It has been a while since we talked about Overgrowth here on The Reticule, the good news is that developers Wolfire Games have made a lot of progress with the game in recent months. After the break I catch up briefly with John from Wolfire and show off some very nice images from the game.
Chris Evans How is the development of Overgrowth going so far? You are in your 21st Alpha release, what features are present in the game right now?
John Graham Development of Wolfire’s ninja rabbit fighting game, Overgrowth, is going great. For an indie team of five guys, I’d say we’re really moving fast. We’ve ironed out a lot of our engine features and now have a fairly polished map editing system. Fans have been using our alpha map editor tools to make their own levels. You can observe our basic tools in our map editor turorial video (since releasing that video we’ve also added more specialized tools).
Below is a tour of an amazingly detailed level created by one of our fans. He managed to use our tools to craft an intricate city under siege. You can see it in HD here.
The character running around is our place-holder for the player’s character. This proto-type character has been affectionatlye named “Rabbot” by our fans. Inspired by Little Big Planet, we’ve made it possible to instantly switch from map editing mode, to Rabbot mode so you can easily run and jump around in your level to see how it plays.
Chris What features do you still plan to introduce to the game?
John There are a lot features we’re planning to add. Our lead programmer, David, recently created an impressive-looking direct lighting and shadowing system. It’s amazing how light maps can add so much character to a scene. Below is a demonstration of the new shadow system and how quickly it updates. See it in HD here.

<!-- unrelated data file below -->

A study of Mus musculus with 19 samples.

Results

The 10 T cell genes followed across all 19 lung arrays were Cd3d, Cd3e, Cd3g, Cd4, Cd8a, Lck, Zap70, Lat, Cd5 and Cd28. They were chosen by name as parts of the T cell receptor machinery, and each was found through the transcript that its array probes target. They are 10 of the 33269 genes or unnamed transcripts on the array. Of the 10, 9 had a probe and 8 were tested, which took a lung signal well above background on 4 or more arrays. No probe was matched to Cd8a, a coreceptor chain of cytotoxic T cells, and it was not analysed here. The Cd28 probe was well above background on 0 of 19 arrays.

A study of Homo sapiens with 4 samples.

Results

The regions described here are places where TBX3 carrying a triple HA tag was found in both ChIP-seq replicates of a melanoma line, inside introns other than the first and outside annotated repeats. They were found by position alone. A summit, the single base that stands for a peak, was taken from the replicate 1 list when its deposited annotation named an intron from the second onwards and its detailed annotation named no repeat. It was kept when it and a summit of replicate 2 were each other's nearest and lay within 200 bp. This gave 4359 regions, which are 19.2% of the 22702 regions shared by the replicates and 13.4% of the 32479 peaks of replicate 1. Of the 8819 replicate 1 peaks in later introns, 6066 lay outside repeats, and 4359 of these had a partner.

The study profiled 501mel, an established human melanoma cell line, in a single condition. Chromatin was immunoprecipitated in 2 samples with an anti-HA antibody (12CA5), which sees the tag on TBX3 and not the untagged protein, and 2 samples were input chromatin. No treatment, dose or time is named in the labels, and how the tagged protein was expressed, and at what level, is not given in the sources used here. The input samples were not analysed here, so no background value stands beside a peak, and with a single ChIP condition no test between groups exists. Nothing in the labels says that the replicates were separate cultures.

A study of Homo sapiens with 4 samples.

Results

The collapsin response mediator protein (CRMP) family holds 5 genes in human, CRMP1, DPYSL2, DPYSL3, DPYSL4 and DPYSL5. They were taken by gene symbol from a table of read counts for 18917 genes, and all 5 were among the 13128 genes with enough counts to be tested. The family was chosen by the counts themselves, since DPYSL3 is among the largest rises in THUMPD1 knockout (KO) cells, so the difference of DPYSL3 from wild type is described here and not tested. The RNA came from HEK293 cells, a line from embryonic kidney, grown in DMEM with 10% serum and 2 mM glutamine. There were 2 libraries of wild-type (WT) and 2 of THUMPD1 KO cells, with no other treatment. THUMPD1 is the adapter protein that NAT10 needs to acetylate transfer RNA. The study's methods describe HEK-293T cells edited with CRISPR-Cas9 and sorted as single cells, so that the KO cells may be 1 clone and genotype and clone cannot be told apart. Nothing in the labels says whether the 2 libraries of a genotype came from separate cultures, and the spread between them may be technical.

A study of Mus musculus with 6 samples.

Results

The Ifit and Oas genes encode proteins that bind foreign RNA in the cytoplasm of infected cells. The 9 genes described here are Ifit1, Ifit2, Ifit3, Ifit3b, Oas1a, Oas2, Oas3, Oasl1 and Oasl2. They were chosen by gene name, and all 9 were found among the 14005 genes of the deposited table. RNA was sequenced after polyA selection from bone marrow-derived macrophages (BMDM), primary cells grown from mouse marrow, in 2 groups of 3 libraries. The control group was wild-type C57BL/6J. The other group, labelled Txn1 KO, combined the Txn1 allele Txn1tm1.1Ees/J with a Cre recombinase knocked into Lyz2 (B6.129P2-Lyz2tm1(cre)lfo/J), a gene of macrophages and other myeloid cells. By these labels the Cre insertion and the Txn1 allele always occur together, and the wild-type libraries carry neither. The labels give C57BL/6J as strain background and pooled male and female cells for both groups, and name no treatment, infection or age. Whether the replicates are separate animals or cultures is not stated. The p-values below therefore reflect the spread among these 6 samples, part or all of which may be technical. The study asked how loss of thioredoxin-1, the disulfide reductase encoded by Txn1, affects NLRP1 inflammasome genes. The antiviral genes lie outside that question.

Jeff and Phillip recently added scriptable hotspots that activate when Rabbot gets close. Because they are scriptable, level designers will be able to use them as triggers for a number of exciting level events. A simple example of where a hotspot is needed, is a platforming level. When the user works his way through a set of obstacles and reaches the finish line, he needs to trigger a hotspot that signals the end of the level.
Of course, the next big thing we will focus on is our physics-based fighting system. Overgrowth will borrow heavily from Lugaru’s tried and true combat but we are definitely going to toss in some new and exciting elements.
Chris What has the feedback to the Alpha releases been like so far?
John It’s been great getting our fans involved so early in the process. A lot of people seem to like getting to watch Overgrowth get built from the ground up. Because we’re so open with our development process, alpha testers can interact with us on the forums, find us in the Wolfire Public IRC Channel or talk to me on our live chat widget to share feedback. Of course we can’t incorporate everyone’s ideas but it’s nice to able to get instant user feedback about new features. Phillip diligently listens to fans as he creates new features for our map editor so that it stays streamlined and intuitive. Based on the flurry of modding activity we’ve seen on our forums, this kind of open development seems to be working but we’re also really lucky to have such a supportive and involved community.
Be sure to keep up with the latest Overgrowth news by checking out the Wolfire Blog.
If you want to get into the Overgrowth Alpha tests you just have to pre-order the game here. Fear not Steam fans, if you pre-order Overgrowth direct, you will still be able to use the game on Steam, read this for the details.
It is safe to say that the development of Overgrowth is coming along nicely and I look forward to checking it out when the game is released. I recommend you keep your eyes on the Wolfire Blog, they have constant game updates as well as interesting articles concerning indie game development and life as an indie developer.